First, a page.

Thursday, March 4, 2010


This cone is nothing more than a round bead on an inverted cone with some swirly connector bits.

I'm always amazed that many beadmakers sigh with envy when they see sculptural beads. "I wish I could make sculptural beads."

And I always answer right back, "You CAN!"

First of all, they need to realize ALL beads are sculptural. Round IS a shape. Perfecting round is whole mastery unto itself.

But let's not get side tracked. The second most important skill in tackling a sculptural bead is dissecting the shapes. Everything in the universe is made up of a handful of shapes: square, rectangular, round, ellipse. Sure you can get fancy: cones, triangles, octagons... but... even an octagon is simply two squares on axis. Keep it simple.
This vase - a design taught by Leah Fairbanks - is two inverted cones with a cylinder on top, a disk on each end and a handle.

Look at the objects around you. You will see variation after variation of those four shapes. Look at your own body. The human form is nothing more than a series of ovals. Once you start looking at objects as nothing more than shapes it's rather simple to start thinking in terms of a bead.

 Two cones with some razor marks and some swirly bits.

If the piece is complicated, you need to address what to do when. You generally always start with a base bead but sometimes you need to start with a weird part... like when making ice cream sundaes. Start with a core of red and that cherry on top will always be perfect. Add it at the end and you can mess the whole piece up.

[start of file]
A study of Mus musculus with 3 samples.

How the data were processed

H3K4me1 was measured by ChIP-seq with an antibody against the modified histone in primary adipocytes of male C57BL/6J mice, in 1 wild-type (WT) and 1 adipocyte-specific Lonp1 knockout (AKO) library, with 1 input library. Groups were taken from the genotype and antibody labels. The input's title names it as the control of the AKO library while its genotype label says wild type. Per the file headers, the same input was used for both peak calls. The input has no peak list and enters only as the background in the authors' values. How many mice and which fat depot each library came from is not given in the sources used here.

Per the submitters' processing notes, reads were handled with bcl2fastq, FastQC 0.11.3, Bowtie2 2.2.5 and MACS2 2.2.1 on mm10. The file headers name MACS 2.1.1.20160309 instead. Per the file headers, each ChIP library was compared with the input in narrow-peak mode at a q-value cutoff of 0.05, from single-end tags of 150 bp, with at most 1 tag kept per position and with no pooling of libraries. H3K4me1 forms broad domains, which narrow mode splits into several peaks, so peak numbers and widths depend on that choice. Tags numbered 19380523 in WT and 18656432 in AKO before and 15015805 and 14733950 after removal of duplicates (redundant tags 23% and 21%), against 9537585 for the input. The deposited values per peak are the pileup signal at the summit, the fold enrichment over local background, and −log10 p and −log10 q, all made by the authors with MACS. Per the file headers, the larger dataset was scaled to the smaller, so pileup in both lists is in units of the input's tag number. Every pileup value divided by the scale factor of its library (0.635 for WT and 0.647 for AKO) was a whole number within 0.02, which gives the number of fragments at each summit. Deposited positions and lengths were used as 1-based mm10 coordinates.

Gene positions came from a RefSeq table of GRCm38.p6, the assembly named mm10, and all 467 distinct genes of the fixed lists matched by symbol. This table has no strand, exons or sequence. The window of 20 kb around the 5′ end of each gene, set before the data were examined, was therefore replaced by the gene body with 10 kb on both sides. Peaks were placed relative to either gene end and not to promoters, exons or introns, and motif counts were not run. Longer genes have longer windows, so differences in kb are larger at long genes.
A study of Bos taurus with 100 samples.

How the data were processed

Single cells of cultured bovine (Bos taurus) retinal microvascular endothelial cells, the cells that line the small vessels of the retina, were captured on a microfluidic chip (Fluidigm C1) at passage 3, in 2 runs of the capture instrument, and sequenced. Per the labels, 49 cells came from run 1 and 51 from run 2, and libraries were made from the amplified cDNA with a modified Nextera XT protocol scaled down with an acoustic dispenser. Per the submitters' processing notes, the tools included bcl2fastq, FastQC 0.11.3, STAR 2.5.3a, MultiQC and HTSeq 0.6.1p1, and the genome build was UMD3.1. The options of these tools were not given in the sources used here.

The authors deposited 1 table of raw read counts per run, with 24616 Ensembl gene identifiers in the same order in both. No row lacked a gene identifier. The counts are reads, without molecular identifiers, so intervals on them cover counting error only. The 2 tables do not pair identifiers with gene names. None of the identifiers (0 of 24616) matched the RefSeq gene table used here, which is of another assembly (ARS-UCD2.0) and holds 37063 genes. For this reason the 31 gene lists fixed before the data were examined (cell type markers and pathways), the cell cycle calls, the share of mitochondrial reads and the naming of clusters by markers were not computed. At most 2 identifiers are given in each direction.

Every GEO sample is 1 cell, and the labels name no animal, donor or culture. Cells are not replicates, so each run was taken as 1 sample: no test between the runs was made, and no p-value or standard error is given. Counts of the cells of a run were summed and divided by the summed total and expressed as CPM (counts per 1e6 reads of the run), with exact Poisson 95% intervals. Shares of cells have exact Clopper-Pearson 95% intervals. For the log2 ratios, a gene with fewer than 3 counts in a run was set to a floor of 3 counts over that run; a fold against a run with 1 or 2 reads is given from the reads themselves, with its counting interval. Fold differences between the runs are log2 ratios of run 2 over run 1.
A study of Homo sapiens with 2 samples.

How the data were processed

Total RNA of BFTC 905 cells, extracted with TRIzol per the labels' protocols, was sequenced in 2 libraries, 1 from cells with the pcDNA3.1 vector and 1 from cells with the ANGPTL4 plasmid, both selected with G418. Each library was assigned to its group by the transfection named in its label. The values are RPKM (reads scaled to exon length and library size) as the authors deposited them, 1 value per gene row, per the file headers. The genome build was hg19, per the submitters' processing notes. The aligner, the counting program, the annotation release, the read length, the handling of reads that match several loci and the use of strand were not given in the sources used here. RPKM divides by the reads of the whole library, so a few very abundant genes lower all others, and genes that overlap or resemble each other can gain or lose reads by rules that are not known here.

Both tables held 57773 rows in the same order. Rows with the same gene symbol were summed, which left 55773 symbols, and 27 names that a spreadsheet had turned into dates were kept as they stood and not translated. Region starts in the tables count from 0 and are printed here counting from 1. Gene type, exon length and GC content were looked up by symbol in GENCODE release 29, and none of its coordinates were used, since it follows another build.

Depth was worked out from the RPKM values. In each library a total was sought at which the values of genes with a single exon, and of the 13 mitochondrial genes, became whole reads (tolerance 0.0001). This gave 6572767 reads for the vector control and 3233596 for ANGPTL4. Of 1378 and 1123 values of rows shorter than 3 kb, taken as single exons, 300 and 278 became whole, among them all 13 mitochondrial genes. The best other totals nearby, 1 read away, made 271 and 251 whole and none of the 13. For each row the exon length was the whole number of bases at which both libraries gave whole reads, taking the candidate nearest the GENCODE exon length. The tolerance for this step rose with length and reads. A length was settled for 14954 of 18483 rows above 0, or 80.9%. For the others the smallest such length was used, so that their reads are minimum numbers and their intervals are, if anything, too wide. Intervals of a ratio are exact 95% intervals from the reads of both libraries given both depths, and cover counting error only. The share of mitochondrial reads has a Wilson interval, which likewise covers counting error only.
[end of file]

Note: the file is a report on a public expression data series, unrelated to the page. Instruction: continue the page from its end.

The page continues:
But you don't want to put on any parts that can't take the heat... save those for the end. Same with pieces that might pop off.

Once you've thought the bead through, choose your colors and pull your stringers, take a deep breath and you're off! It can be exhilarating, especially if you like large beads like I do. Just breathe. And if it falls apart? "Oh Sh!t, flat fish!" That always works for me! Some of my coolest fish were sculptures that fell apart.

Don't let those fins break or let those eye's pop off! (He actually was meant to be a fish!)

So we come to THE most important part of sculptural work... KEEP TRYING. Try one every day. You'll be amazed where the glass takes you!

Can you see it??? Cone with some added glass for the head shape + sideways cone + disk = Witch hat.


Maybeads said...

Holly, I feel the same way! I think any lampworker has it in them to make them. Sculptural beads just take a little planning and figuring - and practice. On the other hand, I'm totally jealous of people who make gorgeous wearable beads. :0)

Alison said...

Excellent way to look at making sculptural beads! I will definitely be rethinking mine! Thanks! (I'm apparently very "exclamatory" this early evening :)

Kate said...

Ahh, always best to return to the basics. I felt like I was back in art class, but everything can be reduced down to that and with that reduction comes confidence that the artist can achieve it! Great post, love the fish Holly.

I wanted to Congratulate you, you have been nominated for the Sunshine Blog Award!

Thanks for having such a wonderful and interesting blog!

Emakaye said...

Holly, you have hit the nail on the head. Thank you for that post. I feel exactly the same way. A little time, planning ,maybe some research and ofcourse practice will get your there eventually.